Leading article: Bali reminds us of the real issues in the war on terror


More and more, the invasion of Iraq has been demonstrated to be counter-productive in fighting the real "war on terror". It is not simply that it has diverted attention and resources from the police, intelligence and diplomatic work of penetrating and disabling jihadist networks.

Iraq has not simply been a distraction; it has made the terrorist threat worse. No sooner had an international coalition closed down Osama bin Laden's base in Afghanistan than the US, supported by Britain and Australia but few others, created a bigger and better training ground for al-Qa'ida in Iraq. In so doing, they expanded greatly the pool of Muslim resentment on which al-Qa'ida could draw.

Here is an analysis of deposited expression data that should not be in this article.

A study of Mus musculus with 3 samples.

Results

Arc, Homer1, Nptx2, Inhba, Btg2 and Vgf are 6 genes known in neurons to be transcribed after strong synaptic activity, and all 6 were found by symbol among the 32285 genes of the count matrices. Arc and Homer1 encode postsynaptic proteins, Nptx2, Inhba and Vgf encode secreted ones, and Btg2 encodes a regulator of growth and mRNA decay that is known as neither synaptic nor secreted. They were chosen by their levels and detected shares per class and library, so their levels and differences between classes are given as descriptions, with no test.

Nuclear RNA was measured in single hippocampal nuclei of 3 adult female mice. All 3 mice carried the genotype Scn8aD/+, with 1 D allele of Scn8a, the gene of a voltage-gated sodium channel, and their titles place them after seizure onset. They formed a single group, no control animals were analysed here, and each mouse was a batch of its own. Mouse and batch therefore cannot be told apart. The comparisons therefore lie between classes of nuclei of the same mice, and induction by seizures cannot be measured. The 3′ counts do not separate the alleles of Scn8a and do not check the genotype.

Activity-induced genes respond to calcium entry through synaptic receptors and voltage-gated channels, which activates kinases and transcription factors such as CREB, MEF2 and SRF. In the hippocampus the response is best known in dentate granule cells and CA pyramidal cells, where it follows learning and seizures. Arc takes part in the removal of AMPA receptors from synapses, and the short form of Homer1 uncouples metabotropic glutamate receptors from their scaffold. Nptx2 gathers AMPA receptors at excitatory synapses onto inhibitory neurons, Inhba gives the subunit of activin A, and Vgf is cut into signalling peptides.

Of course George Bush, or Tony Blair or John Howard, the Australian Prime Minister, were not motivated by a desire to oppress Muslims. But it was entirely foreseeable, and foreseen, that occupying Iraq would be perceived as such by large numbers of Muslims around the world. For a war fought to reduce the threat of terrorism, this was an unforced, self-defeating error.

It is a grim consolation that it could be so much worse. In comparison with the international reach and death toll of 11 September 2001, jihadist terrorism has been limited since. Of the 24 significant attacks since then, only Madrid and London have been outside Muslim countries. It is, fortunately, extremely difficult for al-Qa'ida sympathisers to kill thousands in western cities. But yesterday's terrible bombs should be a warning against complacency, and a salutary reminder that, until the mistake of the Iraq war is acknowledged, there can be little hope of reducing the threat from jihadist terrorism.